Bootmaker Clicker

A boot and shoe clicker is the person who cuts the uppers for boots or shoes from a skin of leather or piece of man-made material (usually from a bulk roll). This includes all components of the upper, including linings, facings, stiffeners, reinforcements for eyelets and zip-protectors.

The job was historically named prior to mechanisation, due to the sound of the operator's hand-knife blade rattling against the brass edge-binding (including the joints in the binding) used to protect the board patterns which were overlaid on to the skin.

In larger factories there would be many hand-clickers in close proximity to one another, hence there would be many clicks per second, so the informal description became known as clicking by clickers.

It is a skilled trade because it is the clicker's responsibility to maximise the number of uppers which can be cut from skins of leather, avoiding any thin and damaged areas, and incorporating the (unseen) 'lines' of stretch and resistance which naturally occur in leather according to the style and construction of the particular shoe. Another major criterion is the need to colour-shade the respective parts of the shoe uppers which are cut as a pair, not only matching the colour variations but also considering the surface finish and grain texture.

Placing sharpened-edge steel patterns on to sheepskin, the hydraulic machine has a swivelling cutting head with two vertical handles, each having an embedded button for thumb operation, a safety device to prevent accidental actuation of the vertical cutting-stroke

During the late 1960s synthetic leathers called pormerics were first introduced, and together with fabrics these also had lines of stretch and tension, being based on a traditional woven base having threads of warp and weft.

Following the introduction of electrical/mechanised presses, the sounds changed entirely to a heavy thump and/or crack, with the board pattern with hand-knife being replaced by a 'knife' similar to a pastry cutter, although the operator still needed to learn hand-clicking as part of the training.

Hand-clicking skills are still needed in low-volume production of bespoke, hand-made shoes or as sales-samples for factory production, although these would not warrant the expense of brass-binding used to protect the edges of the pattern from being pared away.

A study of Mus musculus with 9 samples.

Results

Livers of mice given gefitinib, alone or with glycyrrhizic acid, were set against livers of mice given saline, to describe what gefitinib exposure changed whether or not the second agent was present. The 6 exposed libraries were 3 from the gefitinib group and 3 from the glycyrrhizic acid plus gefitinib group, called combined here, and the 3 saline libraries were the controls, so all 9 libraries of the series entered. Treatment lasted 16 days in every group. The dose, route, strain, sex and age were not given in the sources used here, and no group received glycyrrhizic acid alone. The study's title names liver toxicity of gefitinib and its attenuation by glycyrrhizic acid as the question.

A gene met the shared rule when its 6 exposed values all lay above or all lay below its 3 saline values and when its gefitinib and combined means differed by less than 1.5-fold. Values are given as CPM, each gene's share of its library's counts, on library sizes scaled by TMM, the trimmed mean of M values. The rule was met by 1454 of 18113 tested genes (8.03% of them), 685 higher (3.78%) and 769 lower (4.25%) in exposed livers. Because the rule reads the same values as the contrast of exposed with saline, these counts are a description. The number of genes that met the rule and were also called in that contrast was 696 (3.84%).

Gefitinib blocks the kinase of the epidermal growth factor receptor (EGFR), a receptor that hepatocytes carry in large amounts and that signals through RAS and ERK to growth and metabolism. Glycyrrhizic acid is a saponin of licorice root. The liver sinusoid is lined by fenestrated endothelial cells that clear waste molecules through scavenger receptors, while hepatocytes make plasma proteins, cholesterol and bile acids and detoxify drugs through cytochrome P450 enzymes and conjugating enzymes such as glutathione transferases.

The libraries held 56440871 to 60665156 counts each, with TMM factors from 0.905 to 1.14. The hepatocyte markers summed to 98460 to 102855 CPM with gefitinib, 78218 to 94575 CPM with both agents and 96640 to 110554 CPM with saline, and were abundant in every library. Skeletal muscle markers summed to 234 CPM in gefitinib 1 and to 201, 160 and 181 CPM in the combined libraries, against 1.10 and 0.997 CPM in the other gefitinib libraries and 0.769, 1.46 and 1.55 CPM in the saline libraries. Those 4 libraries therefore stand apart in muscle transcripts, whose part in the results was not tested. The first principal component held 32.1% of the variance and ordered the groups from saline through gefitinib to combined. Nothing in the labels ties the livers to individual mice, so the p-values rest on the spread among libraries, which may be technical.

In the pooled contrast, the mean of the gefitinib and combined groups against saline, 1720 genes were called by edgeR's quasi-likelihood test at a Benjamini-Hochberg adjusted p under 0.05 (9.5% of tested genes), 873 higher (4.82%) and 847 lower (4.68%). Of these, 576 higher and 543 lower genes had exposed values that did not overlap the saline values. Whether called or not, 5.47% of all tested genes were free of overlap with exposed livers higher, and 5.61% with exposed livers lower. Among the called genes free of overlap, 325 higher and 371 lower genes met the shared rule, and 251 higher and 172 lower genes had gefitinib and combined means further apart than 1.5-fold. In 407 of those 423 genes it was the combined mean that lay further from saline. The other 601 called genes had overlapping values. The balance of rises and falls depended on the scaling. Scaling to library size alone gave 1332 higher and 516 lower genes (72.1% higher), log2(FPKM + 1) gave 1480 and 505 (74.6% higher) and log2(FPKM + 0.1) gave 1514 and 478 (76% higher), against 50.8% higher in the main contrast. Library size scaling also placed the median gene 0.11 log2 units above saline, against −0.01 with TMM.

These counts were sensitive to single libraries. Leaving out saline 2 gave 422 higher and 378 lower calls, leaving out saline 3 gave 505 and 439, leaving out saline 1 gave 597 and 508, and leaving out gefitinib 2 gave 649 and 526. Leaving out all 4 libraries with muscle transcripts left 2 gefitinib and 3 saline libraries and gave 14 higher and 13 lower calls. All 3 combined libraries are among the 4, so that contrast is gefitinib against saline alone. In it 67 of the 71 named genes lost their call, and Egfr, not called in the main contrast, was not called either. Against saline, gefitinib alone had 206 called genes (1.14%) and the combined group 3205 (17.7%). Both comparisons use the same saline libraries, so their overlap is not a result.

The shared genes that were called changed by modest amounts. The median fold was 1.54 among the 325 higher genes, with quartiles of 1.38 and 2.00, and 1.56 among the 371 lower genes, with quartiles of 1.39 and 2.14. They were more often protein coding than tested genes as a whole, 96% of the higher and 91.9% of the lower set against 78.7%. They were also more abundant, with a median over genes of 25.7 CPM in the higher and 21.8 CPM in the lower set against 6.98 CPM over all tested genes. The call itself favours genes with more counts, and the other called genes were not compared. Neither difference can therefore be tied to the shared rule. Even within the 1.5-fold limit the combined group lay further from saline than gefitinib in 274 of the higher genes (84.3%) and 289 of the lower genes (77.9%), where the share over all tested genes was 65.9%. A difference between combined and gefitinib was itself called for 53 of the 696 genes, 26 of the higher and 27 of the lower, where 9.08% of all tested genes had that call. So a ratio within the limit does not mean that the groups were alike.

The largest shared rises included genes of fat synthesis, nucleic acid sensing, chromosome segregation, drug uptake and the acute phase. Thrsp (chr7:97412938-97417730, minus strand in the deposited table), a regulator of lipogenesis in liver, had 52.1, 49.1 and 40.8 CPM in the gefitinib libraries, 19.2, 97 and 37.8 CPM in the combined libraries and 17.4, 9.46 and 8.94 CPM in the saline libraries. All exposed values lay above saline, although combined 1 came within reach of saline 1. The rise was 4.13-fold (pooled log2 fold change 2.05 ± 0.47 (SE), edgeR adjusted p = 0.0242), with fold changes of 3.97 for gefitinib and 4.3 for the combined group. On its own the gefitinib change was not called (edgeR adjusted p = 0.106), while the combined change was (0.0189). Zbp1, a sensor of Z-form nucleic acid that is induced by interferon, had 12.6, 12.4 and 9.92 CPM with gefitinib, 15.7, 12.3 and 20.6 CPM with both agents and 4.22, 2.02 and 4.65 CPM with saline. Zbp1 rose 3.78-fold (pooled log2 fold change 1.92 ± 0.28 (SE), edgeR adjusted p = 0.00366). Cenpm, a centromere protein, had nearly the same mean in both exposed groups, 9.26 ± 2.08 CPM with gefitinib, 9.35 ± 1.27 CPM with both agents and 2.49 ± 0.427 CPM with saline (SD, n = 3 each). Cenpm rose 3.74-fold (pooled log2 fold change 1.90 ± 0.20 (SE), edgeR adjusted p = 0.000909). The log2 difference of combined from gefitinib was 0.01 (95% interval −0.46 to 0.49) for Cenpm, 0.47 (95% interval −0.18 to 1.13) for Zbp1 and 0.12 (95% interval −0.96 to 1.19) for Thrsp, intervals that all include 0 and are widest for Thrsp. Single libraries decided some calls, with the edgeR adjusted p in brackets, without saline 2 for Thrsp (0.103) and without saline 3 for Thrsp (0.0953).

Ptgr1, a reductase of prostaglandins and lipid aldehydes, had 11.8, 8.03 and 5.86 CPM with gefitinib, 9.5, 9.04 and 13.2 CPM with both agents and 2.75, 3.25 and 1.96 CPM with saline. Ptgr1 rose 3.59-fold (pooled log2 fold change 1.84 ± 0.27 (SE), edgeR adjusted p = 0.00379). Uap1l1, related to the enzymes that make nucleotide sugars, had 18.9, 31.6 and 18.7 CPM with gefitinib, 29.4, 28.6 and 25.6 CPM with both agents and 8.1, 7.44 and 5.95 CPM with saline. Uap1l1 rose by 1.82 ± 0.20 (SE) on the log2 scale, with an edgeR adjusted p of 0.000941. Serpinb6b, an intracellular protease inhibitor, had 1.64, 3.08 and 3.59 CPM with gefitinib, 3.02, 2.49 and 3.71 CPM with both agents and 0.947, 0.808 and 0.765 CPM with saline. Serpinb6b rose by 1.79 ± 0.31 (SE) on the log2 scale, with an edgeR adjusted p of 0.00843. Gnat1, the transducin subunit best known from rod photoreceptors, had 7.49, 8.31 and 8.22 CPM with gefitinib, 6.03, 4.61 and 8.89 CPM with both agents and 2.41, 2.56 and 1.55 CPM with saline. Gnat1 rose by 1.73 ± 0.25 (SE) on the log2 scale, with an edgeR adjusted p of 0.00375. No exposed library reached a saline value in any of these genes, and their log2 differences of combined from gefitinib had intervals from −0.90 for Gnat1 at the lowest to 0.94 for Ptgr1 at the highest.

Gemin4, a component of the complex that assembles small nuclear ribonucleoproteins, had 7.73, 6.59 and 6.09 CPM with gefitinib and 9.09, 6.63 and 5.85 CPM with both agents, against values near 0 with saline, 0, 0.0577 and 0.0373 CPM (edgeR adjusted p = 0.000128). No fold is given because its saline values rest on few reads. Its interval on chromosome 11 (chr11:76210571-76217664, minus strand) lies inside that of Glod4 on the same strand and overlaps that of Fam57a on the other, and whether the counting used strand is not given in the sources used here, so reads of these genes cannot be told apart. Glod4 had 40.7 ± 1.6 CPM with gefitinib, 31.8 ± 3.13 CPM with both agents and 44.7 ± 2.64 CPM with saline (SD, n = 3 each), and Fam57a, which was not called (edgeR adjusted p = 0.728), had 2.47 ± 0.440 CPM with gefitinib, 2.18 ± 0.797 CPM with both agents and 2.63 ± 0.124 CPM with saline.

A vintage Rap Stick from 1940s used for sharpening a clicker's knife

The clicker's knife regularly needed sharpening, which was done with an implement called a rap stick. To use a rap stick, a right-handed operator would hold it in the left hand, resting the stick on the workbench for support, stroking the blade rapidly but gently back and forth on the abrasive surface to maintain a sharp edge whilst hand-cutting, in a similar fashion to a butcher's knife and sharpening steel. The knife blade shown is a lighter medical item but approximates the shape of a clicker's knife blade, fitting into a comfortable wooden handle with screw-activated jaws.[1] The main surface is emery cloth wrapped over the edge to form a round section where the curved blade can nestle and be sharpened; the top edge is sharper and square in cross-section, with a fine-grain aluminium oxide abrasive strip used for tip-sharpening. On the reverse side is a heavy-leather smooth strop, to address any metal burrs left by the abrasive process.[2]

Bottom stock materials

Similar processes are used in preparing materials for the sole and heel of shoes, known as bottom stock, although the materials, whether natural leathers, rubbers or synthetics, are heavier for durability. The clicker would also cut these materials in a small manufacturing facility, whereas larger-scale production would have dedicated operators.[3]


  1. ^ Clicking knives[permanent dead link] Retrieved 2014-09-24
  2. ^ Overview of clicking Rushden Research Group Retrieved 2014-09-24
  3. ^ Overview of Bottom Stock Rushden Research Group. Retrieved 2014-09-24

External links

  This article uses material from the Wikipedia page available here. It is released under the Creative Commons Attribution-Share-Alike License 3.0.